CALDERWOOD DAM CONSTRUCTION
A photo collection
by Sharon H. Anglim
Blount Journal Fall 2023
ALCOA began developing the watershed of the Little Tennessee Valley in 1909 to provide ample amounts of electricity necessary to power its planned aluminum smelting operations in Blount County. Under the leadership of ALCOA engineer Isaac Glidden Calderwood (1871–1941), three dams, Cheoah (1919), Santeetlah (1928), and Calderwood (1930), were completed in a remote section of the valley along the Tennessee-North Carolina border.
The community of Calderwood was initially known as "Alcoa", but was renamed in honor of I. G. Calderwood in 1930 after the company reapplied the name "Alcoa" to its main company town in northern Blount County. At its peak, the population of Calderwood reached 3,000. Only three buildings remained after the town was deserted and later razed in the 1960s. While the buildings are gone, Calderwood Dam remains in operation and was added to the National Registry of Historic Places in 1989.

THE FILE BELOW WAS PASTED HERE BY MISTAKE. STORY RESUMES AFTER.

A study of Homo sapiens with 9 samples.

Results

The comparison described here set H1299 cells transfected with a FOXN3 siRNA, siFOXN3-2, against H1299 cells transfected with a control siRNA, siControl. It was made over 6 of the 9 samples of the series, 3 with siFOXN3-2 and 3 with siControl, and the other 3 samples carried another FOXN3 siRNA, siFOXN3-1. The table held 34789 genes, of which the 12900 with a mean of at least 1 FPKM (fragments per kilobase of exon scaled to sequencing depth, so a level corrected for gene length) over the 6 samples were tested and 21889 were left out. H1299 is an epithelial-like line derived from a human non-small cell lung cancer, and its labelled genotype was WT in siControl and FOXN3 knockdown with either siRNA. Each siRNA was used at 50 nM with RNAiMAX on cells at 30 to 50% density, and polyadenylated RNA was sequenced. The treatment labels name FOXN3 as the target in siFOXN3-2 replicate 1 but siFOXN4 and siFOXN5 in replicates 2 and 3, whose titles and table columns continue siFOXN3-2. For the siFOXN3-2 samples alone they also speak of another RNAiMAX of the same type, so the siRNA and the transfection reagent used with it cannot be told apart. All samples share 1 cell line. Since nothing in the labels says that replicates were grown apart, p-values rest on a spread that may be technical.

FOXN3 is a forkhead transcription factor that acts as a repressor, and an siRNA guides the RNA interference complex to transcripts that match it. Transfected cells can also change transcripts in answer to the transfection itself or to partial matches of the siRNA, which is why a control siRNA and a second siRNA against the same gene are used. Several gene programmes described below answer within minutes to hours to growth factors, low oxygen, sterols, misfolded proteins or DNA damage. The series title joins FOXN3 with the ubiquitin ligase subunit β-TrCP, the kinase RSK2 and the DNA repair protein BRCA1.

In 2015 the Blount County Genealogical and Historical Society was gifted a volume of 60 photographs by the Vinalhaven Historical Society in Maine. While not confirmed, it is believed that the photo album may have originally belonged to I. G. Calderwood, who was at one time a resident of Maine. With gratitude, we accepted and scanned the photos for future reference. The beautiful collection of photographs is stored virtually on the Blount County Public Library
website (under Blount County Virtual Archives) and linked from the BCGHS website.